A Tale of Giants
Sit and listen, small giants,
for the endtimes have found us,
and I’ve one final story to tell.
The Third Cycle
The winter of the third cycle marked the discovery of ice fishing. The giants quickly realized their primal method of busting the ice open with a pickaxe and fishing the waters as if the ice wasn’t there at all, though better than sitting in a toasty cabin with a finger up one’s bum all day, did not provide the kind of results the giants wanted (or needed). So, The Giant and Black Smith convened and melded their minds to produce tools for the new trade: rather than casting far with longpoles, ice fishers would use jiggin’ rigs, fishing poles no more than two feet in length, and rather than patrolling the waters via boat, ice fishers would use tip-ups, wooden contraptions equipped with a reel and a cloth flag dyed bright, to work multiple holes. And to make holes less than four feet in diameter? The auger: a spiral blade, a metal handle, a beechwood grip fastened to swivel as the handle twirls – only one such masterpiece was made, as a gift from Black Smith to The Giant.
“Though we’ve had our share of skiffs,” Black Smith told The Giant on the fateful day the latter traveled to the Minelands to receive the great auger, “I believe we make better friends than enemies. Go now, The Giant, go and feed your tribesfolk. I could think of none more deserving of this monumental tool than you.”
Of course, The Giant didn’t keep the great auger all to himself. Each new day he would set out with the Monks fishcatchers to their slice of the Wanaque Res’ between the waterfall and the North Floodgate and he would drill enough holes to last two days, then he’d make the steep hike up to Monksville and do the same for the Tribe of the Forge’s fishcatchers. Many fish were caught that winter, many lakebreathers indeed, and though none were of the muskellunge persuasion, no giant went hungry.
As for the rest of the denizens, the same can be said! No hawks had gone hungry yet, though the small game around the Wanaque River was decreasing thanks to the establishment of the squirrel hive in The Crater – that meant no hawks had come back to invade The Sticks, which was good fortune for all birds, of Prey and of Lake alike.
Springtime brought an influx of giants in boats to the Reservoir, but the fish population could handle it. The Giant set out from dawn until dusk every day that spring; he pulled many fish from Monksville’s maw, but never a muskellunge. One early morning he approached Black Smith, who was enjoying a solo powwow at the southern boat launch, and asked if he could craft a new kind of lure, a lure worthy of doing battle with the biggest and fiercest lakebreather to breathe in the lake. Before the spring was over, The Giant had it: his spoonplug, a beastly piece of work bent to make it swim as it’s pulled behind a moving boat and painted with vibrant oil-based dyes to attract the curious eyes of surface- and depthswimmers alike.
The summer brought both great triumph and horrific tragedy – The Giant had finally caught his muskellunge; the male of the pair he released, from the measure of the thing. It survived, by the Great Spirit it survived! As for the tragedy? Upon release, the king lakebreather went into a spastic frenzy and tried to attack The Giant’s watercraft, and when The Giant dropped his right oar back into the water, the blade collided with the muskellunge’s crown and shattered his skull, killing the massive finwhipper instantly. Leonidas, the final surviving heir of the mad king muskellunge, saw the gruesome duel transpire from deep in the depths of Muskellunge Cove, and when the lifeless body of Anaxandridas was pulled from the water a second time and not relinquished back to his kingdom, Leonidas understood very well what had gone down. He was now the last muskellunge to swim in Monksville, and with a body dwarfed by a giant’s jiggin’ rig, he did not a fearsome king make. Leonidas kept to Muskellunge Cove after that day. The Giant, awash in shame, swore to never cast a line into Monksville’s waters again.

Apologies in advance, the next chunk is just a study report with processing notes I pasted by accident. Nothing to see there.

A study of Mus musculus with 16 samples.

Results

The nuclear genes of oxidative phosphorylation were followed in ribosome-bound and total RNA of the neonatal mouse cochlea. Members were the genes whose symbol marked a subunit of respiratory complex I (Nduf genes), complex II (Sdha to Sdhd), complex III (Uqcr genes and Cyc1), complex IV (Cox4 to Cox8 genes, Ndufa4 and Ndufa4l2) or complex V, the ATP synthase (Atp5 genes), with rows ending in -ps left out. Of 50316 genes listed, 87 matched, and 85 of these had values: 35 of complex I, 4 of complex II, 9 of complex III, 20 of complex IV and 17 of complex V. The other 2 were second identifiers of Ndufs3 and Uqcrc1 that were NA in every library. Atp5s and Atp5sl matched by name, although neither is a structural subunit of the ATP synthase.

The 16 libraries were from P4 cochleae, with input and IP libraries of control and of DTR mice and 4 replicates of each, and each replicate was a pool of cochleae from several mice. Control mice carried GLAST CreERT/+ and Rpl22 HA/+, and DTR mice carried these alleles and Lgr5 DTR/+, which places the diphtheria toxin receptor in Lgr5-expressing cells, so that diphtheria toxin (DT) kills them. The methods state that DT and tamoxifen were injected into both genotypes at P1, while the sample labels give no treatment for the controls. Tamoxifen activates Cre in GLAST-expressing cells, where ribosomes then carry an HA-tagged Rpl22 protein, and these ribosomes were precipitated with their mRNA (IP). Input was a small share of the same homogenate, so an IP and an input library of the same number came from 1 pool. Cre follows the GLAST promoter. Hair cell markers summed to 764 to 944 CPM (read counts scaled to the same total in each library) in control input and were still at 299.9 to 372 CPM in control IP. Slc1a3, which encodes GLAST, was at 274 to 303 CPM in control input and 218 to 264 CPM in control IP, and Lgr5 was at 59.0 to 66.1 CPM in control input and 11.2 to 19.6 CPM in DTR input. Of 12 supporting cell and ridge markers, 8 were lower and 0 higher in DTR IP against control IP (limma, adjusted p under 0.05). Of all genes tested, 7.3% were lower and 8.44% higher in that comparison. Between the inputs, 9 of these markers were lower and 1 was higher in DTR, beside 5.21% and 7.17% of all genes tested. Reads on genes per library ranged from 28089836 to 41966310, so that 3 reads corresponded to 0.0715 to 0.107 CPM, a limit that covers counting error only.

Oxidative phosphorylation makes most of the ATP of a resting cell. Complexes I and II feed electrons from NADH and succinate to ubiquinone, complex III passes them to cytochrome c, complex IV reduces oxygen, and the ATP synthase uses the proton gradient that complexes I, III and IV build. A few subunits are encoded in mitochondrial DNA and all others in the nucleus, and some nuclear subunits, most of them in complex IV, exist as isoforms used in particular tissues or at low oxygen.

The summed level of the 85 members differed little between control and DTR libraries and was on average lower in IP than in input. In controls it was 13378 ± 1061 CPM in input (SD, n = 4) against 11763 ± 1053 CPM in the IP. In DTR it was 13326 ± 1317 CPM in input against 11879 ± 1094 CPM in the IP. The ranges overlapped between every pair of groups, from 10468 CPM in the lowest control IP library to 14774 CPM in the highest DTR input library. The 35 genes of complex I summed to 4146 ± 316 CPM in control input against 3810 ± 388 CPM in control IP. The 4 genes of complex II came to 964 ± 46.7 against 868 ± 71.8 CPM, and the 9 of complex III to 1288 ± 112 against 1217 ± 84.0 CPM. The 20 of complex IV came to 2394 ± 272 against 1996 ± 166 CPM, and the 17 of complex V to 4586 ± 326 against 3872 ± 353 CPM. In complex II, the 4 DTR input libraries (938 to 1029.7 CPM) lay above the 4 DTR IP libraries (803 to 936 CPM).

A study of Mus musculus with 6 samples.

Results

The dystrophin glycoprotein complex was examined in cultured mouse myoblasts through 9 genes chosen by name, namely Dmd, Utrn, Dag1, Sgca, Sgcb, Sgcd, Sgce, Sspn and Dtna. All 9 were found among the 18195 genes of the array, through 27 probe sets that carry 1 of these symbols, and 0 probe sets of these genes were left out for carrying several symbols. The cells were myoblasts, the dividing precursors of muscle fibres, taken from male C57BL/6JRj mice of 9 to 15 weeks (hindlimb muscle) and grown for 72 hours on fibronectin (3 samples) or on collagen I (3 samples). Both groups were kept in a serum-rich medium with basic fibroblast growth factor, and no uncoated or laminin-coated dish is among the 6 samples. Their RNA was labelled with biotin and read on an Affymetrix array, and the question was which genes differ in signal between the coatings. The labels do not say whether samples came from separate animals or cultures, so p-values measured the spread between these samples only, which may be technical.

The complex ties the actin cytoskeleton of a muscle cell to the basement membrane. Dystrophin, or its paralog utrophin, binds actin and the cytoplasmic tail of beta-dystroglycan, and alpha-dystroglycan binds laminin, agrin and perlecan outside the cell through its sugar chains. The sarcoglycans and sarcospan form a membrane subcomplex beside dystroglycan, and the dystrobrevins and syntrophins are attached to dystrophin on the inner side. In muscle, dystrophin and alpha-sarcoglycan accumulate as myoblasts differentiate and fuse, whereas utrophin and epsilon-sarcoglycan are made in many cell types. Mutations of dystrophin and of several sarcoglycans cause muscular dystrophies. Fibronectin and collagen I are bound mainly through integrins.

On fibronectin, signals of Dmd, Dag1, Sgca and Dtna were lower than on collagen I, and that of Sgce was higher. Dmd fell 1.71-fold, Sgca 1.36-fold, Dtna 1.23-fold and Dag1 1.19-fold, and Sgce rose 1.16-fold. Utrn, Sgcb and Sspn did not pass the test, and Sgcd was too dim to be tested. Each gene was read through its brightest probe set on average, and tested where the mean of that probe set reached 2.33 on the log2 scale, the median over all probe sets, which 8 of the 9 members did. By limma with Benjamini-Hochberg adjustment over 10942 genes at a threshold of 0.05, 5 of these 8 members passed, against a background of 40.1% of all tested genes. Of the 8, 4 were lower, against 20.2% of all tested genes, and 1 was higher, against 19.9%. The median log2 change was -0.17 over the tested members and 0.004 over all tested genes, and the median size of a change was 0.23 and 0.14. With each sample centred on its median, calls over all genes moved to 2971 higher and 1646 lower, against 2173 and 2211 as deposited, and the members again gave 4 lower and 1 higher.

Then, in the autumn, a peculiar incident occurred, one which relieved Leonidas of his many worries regarding the kingship forced upon him. A new king arrived in the waters of Monksville that night, but it was not introduced by the giants. It did not come from the Wanaque River, and surely it did not swim up the waterfall and through the beavers’ dam; some denizens claimed it fell from the sky, though the otter romp knew better. The otters were swimming in the stretch of water between the islands when it happened, and after seeing it with their own eyes, they left Monksville behind without even shaking her water from their dark fur. Yes, something very enigmatic happened that cool autumn night, the night which would have marked the birth of The Crater had it occurred in the second cycle after the filling of Monksville: in the open water above the strange, smooth boulder which stumbled into the Reservoir as the ground shook from the impact which birthed The Crater, a massive, brilliant sphere of yellow-green light opened like the eye of a puma under the moon’s glow, and the waters of Mother Monksville trembled like a dead leaf in the wind.
On that fateful autumn night, The Gleam opened wide, and from within it, The Beast howled forth.
This has been the tenth subchapter of the first chapter of The Monksville Chronicles. Here is everything you need to know about it:
I’ve written a few other books, too. Click here to see the list.